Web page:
We’ve all been deceived at one time or another: We think someone is one thing when they turn out to be another. The same problem can occur in our spiritual practices. With this in mind, Paul the apostle penned wise words to the Christians at Thessalonica.
Read 2 Thessalonians 2:1–12. Reflect on 2 Thessalonians 2:3–4:
“Do not let anyone deceive you in any way, for that day [of Jesus’ return] will not come unless the rebellion comes first, and the man of lawlessness is revealed, the son of destruction, who opposes and who exalts himself over every so-called god or object of worship, so that he sits down in the temple of God, proclaiming that he himself is God” (LEB).
In this passage, Paul is assuring the Christians at Thessalonica that Jesus has not yet returned. Some in the church at Thessalonica falsely believed that Jesus’ return had already occurred and that they had somehow missed it (2 Thessalonians 2:1–2). Paul explains that Jesus could not have returned yet because there is a series of events that must take place before his return.
First, Paul suggests that a rebellion will take place. This likely refers to an antagonistic rejection of Christians and Christianity. Second, the man of lawlessness—whom Paul also refers to as the son of destruction—will exalt himself above every god and proclaim that he is God. Paul explains that this figure will be enthroned in a temple, likely the Jerusalem temple. (It’s also possible that the enthronement in the temple is symbolic of the claim of religious power and rule.) It is unclear whom Paul refers to, but Paul could be echoing ideas about the antichrist figure mentioned in John’s Letters (see 1 John 2:18, 22) or ideas from Old Testament texts (e.g., Isaiah 57:3–4). Any number of political or religious figures could fulfill Paul’s general criteria. Paul could also be using general language for evil people who oppose God’s ways.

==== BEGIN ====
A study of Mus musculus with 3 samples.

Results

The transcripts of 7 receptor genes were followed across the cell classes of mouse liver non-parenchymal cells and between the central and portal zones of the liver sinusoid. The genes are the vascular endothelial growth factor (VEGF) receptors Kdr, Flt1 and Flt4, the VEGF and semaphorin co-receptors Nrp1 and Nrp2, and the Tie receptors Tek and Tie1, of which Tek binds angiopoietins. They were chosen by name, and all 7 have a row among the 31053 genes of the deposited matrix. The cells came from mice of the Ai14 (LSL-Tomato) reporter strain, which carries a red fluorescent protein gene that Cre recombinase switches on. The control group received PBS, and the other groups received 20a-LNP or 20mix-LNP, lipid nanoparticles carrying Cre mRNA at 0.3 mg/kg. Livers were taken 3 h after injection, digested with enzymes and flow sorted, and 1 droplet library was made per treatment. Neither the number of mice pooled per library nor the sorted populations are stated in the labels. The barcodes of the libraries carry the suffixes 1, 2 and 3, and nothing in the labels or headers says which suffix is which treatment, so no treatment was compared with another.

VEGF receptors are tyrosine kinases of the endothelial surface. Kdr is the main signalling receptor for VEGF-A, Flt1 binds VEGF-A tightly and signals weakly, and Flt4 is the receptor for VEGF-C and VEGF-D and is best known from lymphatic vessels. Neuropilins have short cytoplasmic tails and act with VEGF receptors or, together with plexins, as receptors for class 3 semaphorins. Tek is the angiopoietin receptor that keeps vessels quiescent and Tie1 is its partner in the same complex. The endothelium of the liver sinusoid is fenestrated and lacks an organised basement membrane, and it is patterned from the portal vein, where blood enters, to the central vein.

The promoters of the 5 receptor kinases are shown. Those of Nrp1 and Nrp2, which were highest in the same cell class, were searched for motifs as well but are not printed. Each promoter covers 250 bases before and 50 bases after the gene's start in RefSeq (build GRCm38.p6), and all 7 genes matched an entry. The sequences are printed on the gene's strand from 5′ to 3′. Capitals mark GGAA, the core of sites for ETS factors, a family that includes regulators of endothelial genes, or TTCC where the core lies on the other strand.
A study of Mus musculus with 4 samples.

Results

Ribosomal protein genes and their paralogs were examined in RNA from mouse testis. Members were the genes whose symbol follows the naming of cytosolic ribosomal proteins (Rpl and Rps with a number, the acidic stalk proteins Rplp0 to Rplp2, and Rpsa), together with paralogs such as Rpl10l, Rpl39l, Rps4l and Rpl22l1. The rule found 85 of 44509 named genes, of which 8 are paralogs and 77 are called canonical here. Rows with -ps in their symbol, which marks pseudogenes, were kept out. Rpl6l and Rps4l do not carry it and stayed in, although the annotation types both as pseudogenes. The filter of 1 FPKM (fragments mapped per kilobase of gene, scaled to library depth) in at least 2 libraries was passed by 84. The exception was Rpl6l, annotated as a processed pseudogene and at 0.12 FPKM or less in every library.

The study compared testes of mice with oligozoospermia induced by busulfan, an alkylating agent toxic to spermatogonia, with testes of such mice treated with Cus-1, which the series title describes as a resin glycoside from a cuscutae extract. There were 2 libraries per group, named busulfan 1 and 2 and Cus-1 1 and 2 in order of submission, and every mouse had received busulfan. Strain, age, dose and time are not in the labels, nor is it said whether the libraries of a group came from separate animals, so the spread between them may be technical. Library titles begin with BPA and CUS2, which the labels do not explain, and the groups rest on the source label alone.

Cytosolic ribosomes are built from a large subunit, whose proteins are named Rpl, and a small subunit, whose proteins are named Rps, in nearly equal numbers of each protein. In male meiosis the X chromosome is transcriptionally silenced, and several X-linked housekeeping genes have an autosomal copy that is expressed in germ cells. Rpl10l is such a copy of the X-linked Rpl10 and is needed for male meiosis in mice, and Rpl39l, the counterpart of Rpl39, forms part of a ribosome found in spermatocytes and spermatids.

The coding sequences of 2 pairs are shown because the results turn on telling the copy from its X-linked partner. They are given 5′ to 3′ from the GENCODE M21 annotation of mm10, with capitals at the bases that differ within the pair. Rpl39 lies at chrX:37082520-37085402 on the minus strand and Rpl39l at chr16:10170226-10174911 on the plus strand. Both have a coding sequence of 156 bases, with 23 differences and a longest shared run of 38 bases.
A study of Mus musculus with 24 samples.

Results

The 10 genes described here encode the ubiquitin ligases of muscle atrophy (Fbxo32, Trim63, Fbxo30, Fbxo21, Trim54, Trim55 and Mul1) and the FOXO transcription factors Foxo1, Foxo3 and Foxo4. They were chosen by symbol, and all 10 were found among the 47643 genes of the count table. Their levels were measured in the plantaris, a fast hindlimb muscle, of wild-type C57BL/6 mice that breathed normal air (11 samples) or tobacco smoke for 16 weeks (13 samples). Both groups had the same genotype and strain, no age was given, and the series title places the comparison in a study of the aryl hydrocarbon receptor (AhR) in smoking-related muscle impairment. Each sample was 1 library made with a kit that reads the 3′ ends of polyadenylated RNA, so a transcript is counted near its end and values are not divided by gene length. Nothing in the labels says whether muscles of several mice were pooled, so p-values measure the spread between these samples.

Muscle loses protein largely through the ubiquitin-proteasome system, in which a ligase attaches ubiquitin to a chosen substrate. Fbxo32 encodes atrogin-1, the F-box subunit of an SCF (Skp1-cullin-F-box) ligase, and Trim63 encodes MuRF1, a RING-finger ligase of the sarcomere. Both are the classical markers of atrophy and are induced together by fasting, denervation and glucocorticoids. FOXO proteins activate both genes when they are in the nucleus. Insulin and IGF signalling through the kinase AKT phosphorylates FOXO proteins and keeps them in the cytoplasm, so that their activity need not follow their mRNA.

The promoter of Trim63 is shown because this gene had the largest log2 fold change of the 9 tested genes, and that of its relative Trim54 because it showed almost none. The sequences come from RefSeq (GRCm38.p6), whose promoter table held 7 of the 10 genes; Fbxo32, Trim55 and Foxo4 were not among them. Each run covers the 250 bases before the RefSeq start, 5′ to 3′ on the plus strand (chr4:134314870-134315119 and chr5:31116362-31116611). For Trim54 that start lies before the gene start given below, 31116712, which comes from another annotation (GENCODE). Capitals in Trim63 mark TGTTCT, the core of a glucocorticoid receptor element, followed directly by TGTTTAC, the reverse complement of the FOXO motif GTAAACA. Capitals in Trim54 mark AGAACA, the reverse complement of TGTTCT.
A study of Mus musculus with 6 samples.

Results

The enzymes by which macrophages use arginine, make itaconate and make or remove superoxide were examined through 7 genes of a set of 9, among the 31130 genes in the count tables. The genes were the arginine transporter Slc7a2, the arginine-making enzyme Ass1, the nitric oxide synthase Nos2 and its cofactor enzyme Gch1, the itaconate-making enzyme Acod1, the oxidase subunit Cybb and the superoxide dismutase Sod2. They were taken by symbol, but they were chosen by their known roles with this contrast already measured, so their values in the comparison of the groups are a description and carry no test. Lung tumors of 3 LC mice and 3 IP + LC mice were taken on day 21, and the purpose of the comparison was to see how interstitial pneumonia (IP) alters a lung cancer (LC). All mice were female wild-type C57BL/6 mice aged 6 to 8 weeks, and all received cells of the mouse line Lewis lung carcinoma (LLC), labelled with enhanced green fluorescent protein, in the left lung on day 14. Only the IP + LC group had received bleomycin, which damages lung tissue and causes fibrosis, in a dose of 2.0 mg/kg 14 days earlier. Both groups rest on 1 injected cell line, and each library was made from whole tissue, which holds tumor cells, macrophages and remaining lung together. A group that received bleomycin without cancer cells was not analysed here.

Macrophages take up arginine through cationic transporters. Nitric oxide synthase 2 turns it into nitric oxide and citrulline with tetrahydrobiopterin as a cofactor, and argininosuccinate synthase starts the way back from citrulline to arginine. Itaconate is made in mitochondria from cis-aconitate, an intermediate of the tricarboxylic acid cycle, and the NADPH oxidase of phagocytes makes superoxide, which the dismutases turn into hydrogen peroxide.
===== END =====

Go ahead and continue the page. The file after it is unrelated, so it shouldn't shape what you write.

Paul’s message here is what matters most: People are easily deceived and mass religious deception will take place before Jesus’ return. In a way, Paul is cautioning the Christians at Thessalonica. They must be careful to not be deceived by those who make false claims about their religious powers.
Let’s be cautious because spiritual deception is common. The key is to examine a person’s motives and claims. If something does not align with biblical truth, then surely it is false. Be discerning. Be aware. Follow only those who practice self-sacrificial love that lines up with God’s truth.
Have you been spiritually deceived before? What are some practical steps you can take to ensure that you are not spiritually deceived? Drop me a comment, I would love to hear from you.